July 2018 Subrogation Newsletter
On May 1, 2018, Pele spoke, and Hawaii’s Big Island was rocked with the first of more than 50 earthquakes, representing the collapse of the crater floor at Puu Oo, the open vent below Kilauea’s summit crater and lava lake. Rivers of lava destroyed over 600 homes, making it the most destructive eruption in modern times. Even before the lava had cooled to form a tomb of solid rock over the once thriving neighborhoods, many escaped from their homes with their most valuable possession — their homeowner’s policy. There is no such thing as volcano or lava flow insurance, but it is possible for an all-risk homeowner’s policy to provide some coverage.
Georgia has joined fifteen other states which have outlawed the use of hand-held cellphones and mobile devices while driving. A new law signed by Governor Nathan Deal makes watching movies, shooting video, and even the mere “holding” of hand-held devices while in the vehicle—even while stopped—illegal. House Bill 673 allows drivers to talk on the phone or text if they use hands-free technology. It was signed May 2 and took effect on July 1.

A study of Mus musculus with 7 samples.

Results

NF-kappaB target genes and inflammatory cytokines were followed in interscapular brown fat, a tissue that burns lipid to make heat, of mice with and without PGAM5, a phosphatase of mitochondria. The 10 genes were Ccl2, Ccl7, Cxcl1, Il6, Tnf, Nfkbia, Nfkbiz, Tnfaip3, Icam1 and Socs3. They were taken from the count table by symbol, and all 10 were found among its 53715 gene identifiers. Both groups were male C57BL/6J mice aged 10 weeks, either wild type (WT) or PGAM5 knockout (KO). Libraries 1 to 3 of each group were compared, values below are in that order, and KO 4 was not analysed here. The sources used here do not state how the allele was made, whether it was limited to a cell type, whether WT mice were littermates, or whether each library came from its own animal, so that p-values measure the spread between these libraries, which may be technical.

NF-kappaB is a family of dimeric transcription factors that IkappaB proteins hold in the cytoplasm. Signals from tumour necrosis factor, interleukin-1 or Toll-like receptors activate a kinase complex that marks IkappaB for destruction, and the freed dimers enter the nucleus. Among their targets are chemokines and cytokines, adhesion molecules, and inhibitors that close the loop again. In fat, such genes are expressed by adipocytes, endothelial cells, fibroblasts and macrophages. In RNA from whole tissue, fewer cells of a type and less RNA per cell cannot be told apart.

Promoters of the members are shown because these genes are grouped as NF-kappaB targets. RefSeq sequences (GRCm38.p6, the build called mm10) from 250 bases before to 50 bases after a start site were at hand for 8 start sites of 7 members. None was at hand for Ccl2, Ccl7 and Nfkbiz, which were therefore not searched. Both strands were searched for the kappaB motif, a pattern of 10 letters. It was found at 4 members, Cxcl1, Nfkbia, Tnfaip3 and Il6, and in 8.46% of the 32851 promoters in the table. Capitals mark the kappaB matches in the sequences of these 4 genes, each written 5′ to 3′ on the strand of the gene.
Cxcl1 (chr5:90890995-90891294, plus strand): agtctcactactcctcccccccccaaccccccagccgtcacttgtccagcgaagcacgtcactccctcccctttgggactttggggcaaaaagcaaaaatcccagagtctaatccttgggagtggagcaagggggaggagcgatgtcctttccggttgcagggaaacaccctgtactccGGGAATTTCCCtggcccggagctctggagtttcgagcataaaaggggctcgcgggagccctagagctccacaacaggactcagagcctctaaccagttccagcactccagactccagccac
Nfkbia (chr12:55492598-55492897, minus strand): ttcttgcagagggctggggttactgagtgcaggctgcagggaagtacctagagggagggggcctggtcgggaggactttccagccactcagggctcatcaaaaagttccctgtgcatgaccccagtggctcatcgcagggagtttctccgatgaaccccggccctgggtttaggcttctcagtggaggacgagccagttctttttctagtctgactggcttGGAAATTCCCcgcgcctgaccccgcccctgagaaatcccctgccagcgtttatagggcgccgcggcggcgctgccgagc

A generation ago, subrogation professionals were almost unheard of. Over the years, however, as prudent businesses and insurance companies began to insist on their statutory and contractual rights of subrogation, the profession has grown. On February 8, 2018, the Texas Supreme Court issued an opinion that grants subrogation adjusters and claims handlers the ability to sign medical expense affidavits under § 18.001 of the Texas Civil Practice and Remedies Code.
Subrogation professionals often assume that if a state employs or recognizes the “Made Whole Doctrine”, then the insured must be totally reimbursed for its out-of-pocket deductible and any uninsured losses before a carrier can subrogate. Unfortunately, this over simplistic view and application of the Made Whole Doctrine is not only erroneous, but it also results in reduced subrogation recoveries for carriers across the country. The obligation of an insurer to reimburse some or all of its insured’s deductible has very little to do with the Made Whole Doctrine in most states. Daniels v. State Farm Mut. Auto. Ins. Co., 2018 WL 3424941 (Wash. App. 2018), a brand-new decision by the Washington Court of Appeals affirms this.